2017-12-07 / Front Page

Wells questions mayor’s use of police millage

810-452-2645 • tterry@mihomepaper.com

BURTON — Councilman Danny Wells, a former councilman who was recently voted back onto the city council, presented an idea that was respected, but not popular with the rest of the council at the Dec. 4 city council meeting.

The item being voted on by the council was to approve and authorize the city treasurer to pay a MERS lump sum of $976,000 to be applied to the unfunded liability of the city.

Wells attempted to have the item moved from the agenda.

“I know that we passed a police millage,” Wells said. “We’ve all had visions of taking care of the pension fund.”

Wells said citizens told him they were concerned there were not enough police in the city as he was campaigning.

“Where are all the police officers,” he asked.

He said he had talked to the police chief earlier that day. He said there were 36 police officers, but Burton was budgeted for 40.

“They can’t get to 40 because when the millage was removed, and the millage skipped to four mills, it removed an opportunity for the mayor to keep the police officers at 40,” Wells said.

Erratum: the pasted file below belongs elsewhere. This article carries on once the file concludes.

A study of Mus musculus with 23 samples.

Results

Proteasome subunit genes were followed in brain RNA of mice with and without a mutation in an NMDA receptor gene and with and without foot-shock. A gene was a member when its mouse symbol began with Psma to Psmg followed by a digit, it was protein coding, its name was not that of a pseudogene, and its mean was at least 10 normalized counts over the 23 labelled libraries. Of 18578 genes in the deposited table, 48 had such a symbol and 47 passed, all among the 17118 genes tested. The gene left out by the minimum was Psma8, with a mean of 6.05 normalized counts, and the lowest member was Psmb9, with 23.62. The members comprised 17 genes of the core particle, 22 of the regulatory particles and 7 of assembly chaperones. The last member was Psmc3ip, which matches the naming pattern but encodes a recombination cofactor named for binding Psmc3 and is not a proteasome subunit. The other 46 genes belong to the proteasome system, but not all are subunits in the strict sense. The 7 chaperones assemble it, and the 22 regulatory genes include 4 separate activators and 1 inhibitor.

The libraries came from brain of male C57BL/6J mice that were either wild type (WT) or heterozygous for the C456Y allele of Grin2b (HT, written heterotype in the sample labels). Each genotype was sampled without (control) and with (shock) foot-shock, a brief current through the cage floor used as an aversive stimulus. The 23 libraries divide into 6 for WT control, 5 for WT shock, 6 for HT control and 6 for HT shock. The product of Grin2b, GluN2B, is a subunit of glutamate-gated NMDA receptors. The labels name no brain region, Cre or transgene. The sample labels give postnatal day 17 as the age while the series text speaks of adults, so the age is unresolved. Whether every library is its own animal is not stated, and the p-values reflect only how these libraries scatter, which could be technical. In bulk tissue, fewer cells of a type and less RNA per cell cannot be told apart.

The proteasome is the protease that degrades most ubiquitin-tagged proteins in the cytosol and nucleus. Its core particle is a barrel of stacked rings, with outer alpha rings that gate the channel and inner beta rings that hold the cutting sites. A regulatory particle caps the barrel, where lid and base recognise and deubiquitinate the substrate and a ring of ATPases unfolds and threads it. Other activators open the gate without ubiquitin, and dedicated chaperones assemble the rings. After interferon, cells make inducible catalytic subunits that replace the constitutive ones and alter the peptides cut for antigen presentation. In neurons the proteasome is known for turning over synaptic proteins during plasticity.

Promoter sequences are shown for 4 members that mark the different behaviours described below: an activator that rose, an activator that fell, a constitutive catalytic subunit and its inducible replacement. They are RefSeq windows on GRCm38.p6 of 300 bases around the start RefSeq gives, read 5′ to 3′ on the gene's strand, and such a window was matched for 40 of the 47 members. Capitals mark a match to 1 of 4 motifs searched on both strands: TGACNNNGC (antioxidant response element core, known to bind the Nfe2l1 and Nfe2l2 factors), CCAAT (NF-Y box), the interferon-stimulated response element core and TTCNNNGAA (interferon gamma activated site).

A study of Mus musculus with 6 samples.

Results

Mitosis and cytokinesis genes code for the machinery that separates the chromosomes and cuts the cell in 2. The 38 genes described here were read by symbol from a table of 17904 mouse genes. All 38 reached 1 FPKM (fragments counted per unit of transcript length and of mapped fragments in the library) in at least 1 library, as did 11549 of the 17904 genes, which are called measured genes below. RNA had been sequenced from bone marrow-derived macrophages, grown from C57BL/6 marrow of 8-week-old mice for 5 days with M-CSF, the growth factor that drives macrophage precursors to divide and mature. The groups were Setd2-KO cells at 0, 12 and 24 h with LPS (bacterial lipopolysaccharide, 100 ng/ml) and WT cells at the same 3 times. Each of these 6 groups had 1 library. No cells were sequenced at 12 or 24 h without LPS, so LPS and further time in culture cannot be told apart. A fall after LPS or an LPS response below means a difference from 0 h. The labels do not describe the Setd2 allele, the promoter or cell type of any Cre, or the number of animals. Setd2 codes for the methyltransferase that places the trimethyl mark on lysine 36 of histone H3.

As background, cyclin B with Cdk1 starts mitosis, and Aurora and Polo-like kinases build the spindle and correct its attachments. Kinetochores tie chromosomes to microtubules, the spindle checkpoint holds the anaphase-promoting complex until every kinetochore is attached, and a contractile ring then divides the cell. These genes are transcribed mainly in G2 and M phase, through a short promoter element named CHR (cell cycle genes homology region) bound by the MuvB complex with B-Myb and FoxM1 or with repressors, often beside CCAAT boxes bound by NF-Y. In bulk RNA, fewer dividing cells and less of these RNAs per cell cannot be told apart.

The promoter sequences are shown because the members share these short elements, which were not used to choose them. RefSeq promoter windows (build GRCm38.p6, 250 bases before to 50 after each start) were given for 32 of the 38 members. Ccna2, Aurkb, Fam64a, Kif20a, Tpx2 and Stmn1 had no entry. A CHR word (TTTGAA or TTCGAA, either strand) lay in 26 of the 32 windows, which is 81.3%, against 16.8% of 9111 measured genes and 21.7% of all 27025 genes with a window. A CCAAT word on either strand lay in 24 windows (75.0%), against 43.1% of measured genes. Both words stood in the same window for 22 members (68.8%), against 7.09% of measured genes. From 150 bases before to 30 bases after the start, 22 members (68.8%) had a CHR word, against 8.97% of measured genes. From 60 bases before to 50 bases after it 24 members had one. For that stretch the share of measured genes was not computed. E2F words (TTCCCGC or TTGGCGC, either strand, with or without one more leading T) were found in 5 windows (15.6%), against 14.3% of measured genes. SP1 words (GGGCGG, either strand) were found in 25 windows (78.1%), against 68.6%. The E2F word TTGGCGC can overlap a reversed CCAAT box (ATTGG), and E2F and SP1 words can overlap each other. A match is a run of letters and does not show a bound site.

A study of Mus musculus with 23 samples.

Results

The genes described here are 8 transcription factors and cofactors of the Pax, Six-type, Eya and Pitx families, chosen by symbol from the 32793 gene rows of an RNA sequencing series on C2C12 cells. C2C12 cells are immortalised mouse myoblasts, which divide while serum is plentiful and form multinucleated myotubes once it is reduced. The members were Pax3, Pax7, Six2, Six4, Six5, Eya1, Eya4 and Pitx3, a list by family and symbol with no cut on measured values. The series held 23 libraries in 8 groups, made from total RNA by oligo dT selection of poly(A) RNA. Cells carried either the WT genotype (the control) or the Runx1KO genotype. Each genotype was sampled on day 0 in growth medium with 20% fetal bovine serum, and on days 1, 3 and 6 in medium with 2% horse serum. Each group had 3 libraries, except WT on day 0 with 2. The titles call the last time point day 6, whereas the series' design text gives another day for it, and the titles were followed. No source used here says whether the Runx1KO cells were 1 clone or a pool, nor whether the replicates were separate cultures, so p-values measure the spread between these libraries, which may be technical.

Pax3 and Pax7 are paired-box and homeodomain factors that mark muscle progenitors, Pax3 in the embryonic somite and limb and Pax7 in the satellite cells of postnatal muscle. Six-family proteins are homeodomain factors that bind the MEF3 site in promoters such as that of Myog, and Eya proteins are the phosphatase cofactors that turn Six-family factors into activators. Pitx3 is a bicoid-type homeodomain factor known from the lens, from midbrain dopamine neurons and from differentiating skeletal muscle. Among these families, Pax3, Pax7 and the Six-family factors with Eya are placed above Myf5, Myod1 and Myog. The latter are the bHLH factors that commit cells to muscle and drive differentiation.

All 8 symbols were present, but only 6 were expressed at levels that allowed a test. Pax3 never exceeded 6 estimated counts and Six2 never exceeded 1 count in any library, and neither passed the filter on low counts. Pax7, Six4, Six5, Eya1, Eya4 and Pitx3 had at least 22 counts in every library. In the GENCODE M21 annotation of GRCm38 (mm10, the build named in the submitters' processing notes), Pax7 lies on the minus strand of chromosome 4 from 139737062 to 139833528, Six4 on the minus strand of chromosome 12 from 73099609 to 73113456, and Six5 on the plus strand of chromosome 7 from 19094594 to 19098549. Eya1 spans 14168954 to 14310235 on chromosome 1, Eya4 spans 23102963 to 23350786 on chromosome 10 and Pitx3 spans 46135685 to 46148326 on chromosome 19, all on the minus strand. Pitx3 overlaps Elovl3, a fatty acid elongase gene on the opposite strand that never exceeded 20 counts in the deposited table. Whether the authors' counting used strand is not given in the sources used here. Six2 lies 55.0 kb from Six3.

Council President Steve Heffner said when the millage was passed, Burton residents were promised 36 police officers.

“We are budgeted for 40, but if I budget for 40 now that the general operating has been cut it’s not going to be sustainable,” Mayor Paula Zelenko said. “So, I have chosen not to hire to 40 at this point until we decide what we’re going to do. As you see with the five-year forecast, you need that general fund balance in order to transfer to supplement the police fund.”

Wells said his point was it would be nice to pay about a million dollars on the pension fund. However, he said the situation of the city’s unfunded liability did not occur overnight and could not be fixed overnight.

“We can take some of that money and build our police department back,” he said. “We may want to put some of it towards our water department. We need to look at what’s going on in the world today, not three or four years ago, or five years ago, and make rational decisions.”

Wells said the council had a million dollars to work with. He asked about the possibility of sending half a million dollars to pay down the unfunded liability, instead of the proposed amount.

Councilman Vaughn Smith, who also said he wanted more police officers, said although police officers would get a raise with Wells’ idea, their MERS pension plans costs would go up.

Council Vice President Duane Haskins, who said he wanted 42 police officers working in Burton, said the city was making headway with reducing its unfunded liability. He said Burton wouldn’t have any police officers if the city hadn’t stepped up to tackle the pension costs and police officers were paying 30 percent of their pension out of their paychecks. He challenged Wells to bring numbers that supported his idea would work.

The council voted not to remove the item, and vote 6-1 to approve the motion for the city treasurer to make the payment.